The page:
How to Make Renewable Fuels Sustainable

25x’25 alliance releases production principles.

Published on: Mar 14, 2008

For renewable energy to be a long-term solution for America, producing it must not harm this nation’s natural resources. It also must be economically viable and socially acceptable.

In Omaha in mid-March, 25x'25, an alliance of 700 organizations and individuals, adopted "sustainability principles" to achieve those environmental, economic and social goals. The alliance's overall mission is to have America's farms and forests, by 2025, provide 25% of the total energy consumed in the United States.

At the national 25x'25 Summit, a steering committee released the principles, which cover air quality, biodiversity, biotechnology, efficiency and conservation, greenhouse gas emission, invasive species, private and public lands, soil erosion, water quality and quantity, and wildlife.

"At the heart of the principles is the responsible use and orderly development of natural resources in a way that takes full and balanced account of the interests of society, future generations and other species," says steering committee co-chairman Read Smith of St. John, Wash.

Bart Ruth, Rising City, Neb., farmer, is a member of the steering committee. "The principles are a proactive step to set guidelines for renewable fuel producers and to show consumers that agriculture and forests can provide renewable energy in a positive way. Agricultural is known for adopting best management practices and new technologies, including biotechnology, and that is the key to the future of renewable fuel production.

Ruth says that 25x'25 must maintain its current strong support base from environmental organizations to make agricultural-based renewable fuel production sustainable.

The principles are available at the 25x'25 Web site (www.25x25.org).

Following are more specifics on the principles:
• Access: Renewable energy producers and consumers should have fair and equitable access to renewable energy markets, products, and infrastructure.
• Air Quality: Renewable energy production should maintain or improve air quality.
• Biodiversity: Renewable energy production should maintain or enhance landscape biodiversity and protect native, rare, threatened, and endangered species and habitat.
• Community Economic Benefits: Renewable energy production should bolster the economic foundation and quality of life in communities where it occurs.
• Efficiency and Conservation: Renewable energy production should be energy efficient, use biomass residues and waste materials when possible, and conserve natural resources at all stages of production, harvesting, and processing.
• Greenhouse Gas Emissions: Renewable energy production should result in a net reduction of greenhouse gas emissions compared to fossil fuels.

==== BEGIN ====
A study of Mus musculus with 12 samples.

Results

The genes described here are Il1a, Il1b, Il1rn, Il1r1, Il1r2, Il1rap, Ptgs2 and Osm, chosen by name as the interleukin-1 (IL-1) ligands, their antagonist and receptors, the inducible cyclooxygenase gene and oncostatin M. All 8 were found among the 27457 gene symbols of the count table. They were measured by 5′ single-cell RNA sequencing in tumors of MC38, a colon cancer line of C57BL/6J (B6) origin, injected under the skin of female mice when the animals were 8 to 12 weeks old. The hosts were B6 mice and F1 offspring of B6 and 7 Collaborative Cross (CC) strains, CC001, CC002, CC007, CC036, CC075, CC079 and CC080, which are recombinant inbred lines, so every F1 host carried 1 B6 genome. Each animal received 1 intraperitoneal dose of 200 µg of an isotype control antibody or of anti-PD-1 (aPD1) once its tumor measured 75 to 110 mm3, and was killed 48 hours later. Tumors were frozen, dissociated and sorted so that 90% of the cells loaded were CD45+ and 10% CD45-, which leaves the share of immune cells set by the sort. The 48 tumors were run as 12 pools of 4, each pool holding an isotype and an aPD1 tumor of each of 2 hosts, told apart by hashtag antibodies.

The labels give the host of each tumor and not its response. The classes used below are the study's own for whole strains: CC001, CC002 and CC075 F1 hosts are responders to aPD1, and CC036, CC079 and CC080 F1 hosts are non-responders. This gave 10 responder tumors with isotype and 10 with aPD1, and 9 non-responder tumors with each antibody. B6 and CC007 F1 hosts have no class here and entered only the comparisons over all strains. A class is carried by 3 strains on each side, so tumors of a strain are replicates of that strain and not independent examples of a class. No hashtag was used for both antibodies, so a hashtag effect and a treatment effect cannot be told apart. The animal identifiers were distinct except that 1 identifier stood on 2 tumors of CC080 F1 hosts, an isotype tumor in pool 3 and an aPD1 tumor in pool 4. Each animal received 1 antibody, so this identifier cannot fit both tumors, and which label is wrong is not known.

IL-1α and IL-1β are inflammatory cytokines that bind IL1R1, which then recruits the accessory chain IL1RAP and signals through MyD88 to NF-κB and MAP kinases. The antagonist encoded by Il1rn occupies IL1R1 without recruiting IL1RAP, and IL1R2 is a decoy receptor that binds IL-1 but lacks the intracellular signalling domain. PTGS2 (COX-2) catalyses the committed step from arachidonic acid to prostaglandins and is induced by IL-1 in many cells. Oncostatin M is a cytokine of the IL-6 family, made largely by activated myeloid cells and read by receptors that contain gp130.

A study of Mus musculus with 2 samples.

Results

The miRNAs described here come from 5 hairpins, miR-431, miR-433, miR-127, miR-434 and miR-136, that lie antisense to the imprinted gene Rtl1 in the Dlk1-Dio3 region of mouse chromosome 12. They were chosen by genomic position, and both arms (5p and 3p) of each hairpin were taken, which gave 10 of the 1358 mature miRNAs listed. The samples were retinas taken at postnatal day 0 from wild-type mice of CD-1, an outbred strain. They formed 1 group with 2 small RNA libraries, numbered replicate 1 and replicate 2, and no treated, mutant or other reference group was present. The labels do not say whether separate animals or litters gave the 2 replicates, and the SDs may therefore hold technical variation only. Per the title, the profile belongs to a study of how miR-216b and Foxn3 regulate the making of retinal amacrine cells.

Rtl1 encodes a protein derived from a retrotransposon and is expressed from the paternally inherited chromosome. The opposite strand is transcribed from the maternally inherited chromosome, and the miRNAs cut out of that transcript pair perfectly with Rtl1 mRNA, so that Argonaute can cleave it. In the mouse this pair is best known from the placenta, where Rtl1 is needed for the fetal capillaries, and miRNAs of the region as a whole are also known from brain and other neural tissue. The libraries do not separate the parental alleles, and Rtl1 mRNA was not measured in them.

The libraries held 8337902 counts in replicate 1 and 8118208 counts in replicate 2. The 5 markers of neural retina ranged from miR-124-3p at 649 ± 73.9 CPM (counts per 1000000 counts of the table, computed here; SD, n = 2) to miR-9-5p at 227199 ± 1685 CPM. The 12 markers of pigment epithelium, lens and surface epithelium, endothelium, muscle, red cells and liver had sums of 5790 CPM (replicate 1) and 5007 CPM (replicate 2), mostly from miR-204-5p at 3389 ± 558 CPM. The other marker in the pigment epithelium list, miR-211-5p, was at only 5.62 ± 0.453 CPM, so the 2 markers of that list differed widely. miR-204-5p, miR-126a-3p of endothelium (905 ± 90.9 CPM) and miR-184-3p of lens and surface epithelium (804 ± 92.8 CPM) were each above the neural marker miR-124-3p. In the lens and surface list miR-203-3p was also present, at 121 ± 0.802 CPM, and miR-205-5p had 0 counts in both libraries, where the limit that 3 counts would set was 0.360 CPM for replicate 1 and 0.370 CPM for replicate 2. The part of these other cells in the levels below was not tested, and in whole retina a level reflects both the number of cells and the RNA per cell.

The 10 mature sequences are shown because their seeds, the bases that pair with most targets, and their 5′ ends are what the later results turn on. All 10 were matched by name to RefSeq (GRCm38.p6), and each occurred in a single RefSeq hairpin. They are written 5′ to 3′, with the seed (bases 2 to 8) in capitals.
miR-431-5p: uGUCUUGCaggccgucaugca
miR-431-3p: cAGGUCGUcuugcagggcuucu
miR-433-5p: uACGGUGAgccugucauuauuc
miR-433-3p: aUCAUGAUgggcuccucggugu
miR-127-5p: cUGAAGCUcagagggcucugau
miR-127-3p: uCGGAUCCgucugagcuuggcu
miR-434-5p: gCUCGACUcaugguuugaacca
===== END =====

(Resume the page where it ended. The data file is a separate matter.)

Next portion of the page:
• Invasive and Non-Native Species: Non-native species can be used for renewable energy production when there are safeguards against negative impacts on native plants and animals and on agricultural and forestry enterprises.
• Market Parity: Renewable energy production should have parity with fossil fuels in access to markets and incentives.
• Opportunities: All regions of the nation should have the opportunity to participate in renewable energy development and use.
• Private Lands: Renewable energy production on private farms, forests and grasslands should improve the health and productivity of these lands and help protect them from being permanently converted to non-working uses.
• Public Lands: Renewable energy production from appropriate public lands should be sustainable and contribute to the long-term health and mission of the land.
• Soil Erosion: Renewable energy production should use the best available technologies and management practices to protect soils from loss rates greater than can be replenished.
• Soil Quality: Renewable energy production should maintain or enhance soil resources and the capacity of working lands to produce food, feed, fiber and associated environmental services and benefits.
• Special Areas: Renewable energy production should respect special areas of important conservation, historic, and social value.
• Technology: New technologies, including approved biotechnology, can play a significant role in renewable energy production, provided they create land use and production efficiencies and protect food, feed, and fiber systems and other environmental values.
• Water Quality: Renewable energy production should maintain or improve water quality.
• Water Quantity: Renewable energy production systems and facilities should maximize water conservation, avoid contributing to downstream flooding and protect water resources.
• Wildlife: Renewable energy production should maintain or enhance wildlife habitat.